Shane van Gisbergen gets ready for a practice session for an ARCA Mendards Series auto race at Daytona International Speedway, Feb. 15, 2024, in Daytona Beach, Fla.

Tyler Pasciak LaRiviere/Sun-Times

What to know about NASCAR's 2024 Chicago Street Race

“Street tracks are different every year, no matter where you go,” Shane van Gisbergen said. “The burial location is always different, whether inside the curb or on top of it. The track always changes.”

Entering the 2024 Chicago Street Race, 2023 champion Shane van Gisbergen is entering with a spotlight focused on him. He can’t sneak up on opposing drivers. He’s now the hunted — the champion.

After his victory last season, van Gisbergen’s competitors contacted him for advice. He estimated that 10-15 drivers could compete for the top spot.

He knows he’s the man to beat, but van Gisbergen isn’t approaching the race with any added pressure.

“I’m not putting pressure on myself like, ‘I have to win to get on top next year,’” van Gisbergen said. “But certainly, a good result will help that.”

The 12-turn, 2.2-mile course takes drivers through the heart of downtown. Everyone involved hopes to have a dry weekend of weather after last year’s downpour. Inclement weather ruined the experience and first impression NASCAR could have on Chicagoans during last year’s Chicago Street Race.

A street race is rare and benefitted van Gisbergen, a three-time Supercars champion who became the first driver since Johnny Rutherford in 1963 to win in his first Cup Series start.

The weather complicated the race for observers and drivers, who didn’t have traction because of the downpour. Manhole covers, a lengthy race and tight turns were among the factors that drivers hoped would be addressed for the 2024 iteration.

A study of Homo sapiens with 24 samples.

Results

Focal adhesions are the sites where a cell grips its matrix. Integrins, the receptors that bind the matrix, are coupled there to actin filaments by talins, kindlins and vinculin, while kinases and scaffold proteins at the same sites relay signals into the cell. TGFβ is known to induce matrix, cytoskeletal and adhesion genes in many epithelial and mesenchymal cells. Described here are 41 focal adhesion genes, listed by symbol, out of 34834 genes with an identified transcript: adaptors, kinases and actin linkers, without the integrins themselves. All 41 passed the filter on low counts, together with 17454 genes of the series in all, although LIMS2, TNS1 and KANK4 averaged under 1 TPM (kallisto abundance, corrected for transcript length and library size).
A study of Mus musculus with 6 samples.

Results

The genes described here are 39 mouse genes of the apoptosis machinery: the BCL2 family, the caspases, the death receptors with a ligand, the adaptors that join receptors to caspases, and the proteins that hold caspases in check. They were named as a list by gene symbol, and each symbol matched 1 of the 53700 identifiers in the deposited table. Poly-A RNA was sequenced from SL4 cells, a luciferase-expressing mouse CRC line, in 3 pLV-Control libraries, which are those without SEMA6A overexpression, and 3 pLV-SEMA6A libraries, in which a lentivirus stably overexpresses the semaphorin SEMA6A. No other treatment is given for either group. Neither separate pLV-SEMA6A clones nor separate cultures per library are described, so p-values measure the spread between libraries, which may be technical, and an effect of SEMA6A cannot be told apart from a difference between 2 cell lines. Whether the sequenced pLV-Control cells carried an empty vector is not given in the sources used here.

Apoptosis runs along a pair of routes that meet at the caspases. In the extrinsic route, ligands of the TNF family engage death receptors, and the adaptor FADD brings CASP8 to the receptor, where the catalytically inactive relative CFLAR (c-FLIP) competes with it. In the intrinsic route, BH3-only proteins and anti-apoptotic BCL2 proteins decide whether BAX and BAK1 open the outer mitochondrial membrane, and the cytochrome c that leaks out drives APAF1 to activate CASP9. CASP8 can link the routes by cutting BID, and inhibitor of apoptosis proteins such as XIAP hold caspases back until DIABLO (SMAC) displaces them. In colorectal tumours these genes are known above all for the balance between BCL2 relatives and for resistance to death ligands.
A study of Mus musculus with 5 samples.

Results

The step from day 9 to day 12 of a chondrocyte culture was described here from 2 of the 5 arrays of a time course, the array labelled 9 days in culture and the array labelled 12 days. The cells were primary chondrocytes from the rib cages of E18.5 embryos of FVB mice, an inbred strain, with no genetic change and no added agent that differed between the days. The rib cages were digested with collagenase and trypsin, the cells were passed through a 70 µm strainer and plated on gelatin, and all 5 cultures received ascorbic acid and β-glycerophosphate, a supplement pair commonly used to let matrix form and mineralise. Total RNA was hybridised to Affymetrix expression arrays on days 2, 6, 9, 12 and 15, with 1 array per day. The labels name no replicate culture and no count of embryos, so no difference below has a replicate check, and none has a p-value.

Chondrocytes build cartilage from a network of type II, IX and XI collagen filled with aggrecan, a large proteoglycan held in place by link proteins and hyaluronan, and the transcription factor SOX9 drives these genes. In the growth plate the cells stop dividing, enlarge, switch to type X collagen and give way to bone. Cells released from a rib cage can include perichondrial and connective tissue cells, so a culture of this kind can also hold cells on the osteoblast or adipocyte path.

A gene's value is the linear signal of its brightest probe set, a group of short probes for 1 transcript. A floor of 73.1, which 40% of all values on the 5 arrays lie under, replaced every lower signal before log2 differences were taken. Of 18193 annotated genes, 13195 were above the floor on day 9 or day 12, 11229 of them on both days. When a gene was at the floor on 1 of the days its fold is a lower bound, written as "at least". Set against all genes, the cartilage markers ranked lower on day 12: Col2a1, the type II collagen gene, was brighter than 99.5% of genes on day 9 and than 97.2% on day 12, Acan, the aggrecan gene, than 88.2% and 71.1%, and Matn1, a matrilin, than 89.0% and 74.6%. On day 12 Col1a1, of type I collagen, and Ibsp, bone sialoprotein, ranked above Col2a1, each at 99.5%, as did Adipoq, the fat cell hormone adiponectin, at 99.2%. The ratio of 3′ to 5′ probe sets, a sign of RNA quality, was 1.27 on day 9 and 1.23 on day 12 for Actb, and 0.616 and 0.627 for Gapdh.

All reports are that NASCAR listened to its drivers. The Cup Series race, the Grant Park 165, shortened its course from 100 laps to 75. The Loop 110 will be 50 laps on Saturday.

“We know it’s bumpier than we thought it was last year,” driver Joey Logano said. “They definitely repaved a couple sections. So there’s that piece that’s going to be different.”

But there’s no competitive advantage to having competed in last year’s race, van Gisbergen said.

“Street tracks are different every year, no matter where you go,” van Gisbergen said. “The burial location is always different, whether inside the curb or on top of it. The track always changes.

The track didn’t really ramp up until the end last year when it dried up, so it was like a reset. Whereas if it’s dry all weekend, the track will be completely different. But it should be a good race track; there should be a lot of passing if it’s completely dry.”

Logano, who won last weekend’s NASCAR Cup Series race at Nashville Superspeedway, quipped, “it’s nice to know where you’re going.”

“It’s the experience you get and knowing the little nuances of the track,” Logano said. “It’s so different than any other road course you go to, and it’s just a matter of finding those little details and getting comfortable.

“Knowing where the passing zones are, knowing how close you can get to the walls and being able to maximize things … that just takes some time and more laps will help.”

Most drivers said it’s hard to assess the changes because the course changes when the speed ramps up. Most of the notable changes come from studying opponents and shifting strategies during breaks in the race.

“We seem to figure it out fairly quickly,” Logano said. “Now, at least like passing zones, you study your competitors and see where they’re showing where you’re weak. You have an idea of things you want to make better to your car. There’s actually stuff to talk about.

“Last year, it’s just, ‘I don’t know, put on what you think is best, and we’ll tune in from there and hope it’s pretty close.’ Now, it seems like we have a little better direction.”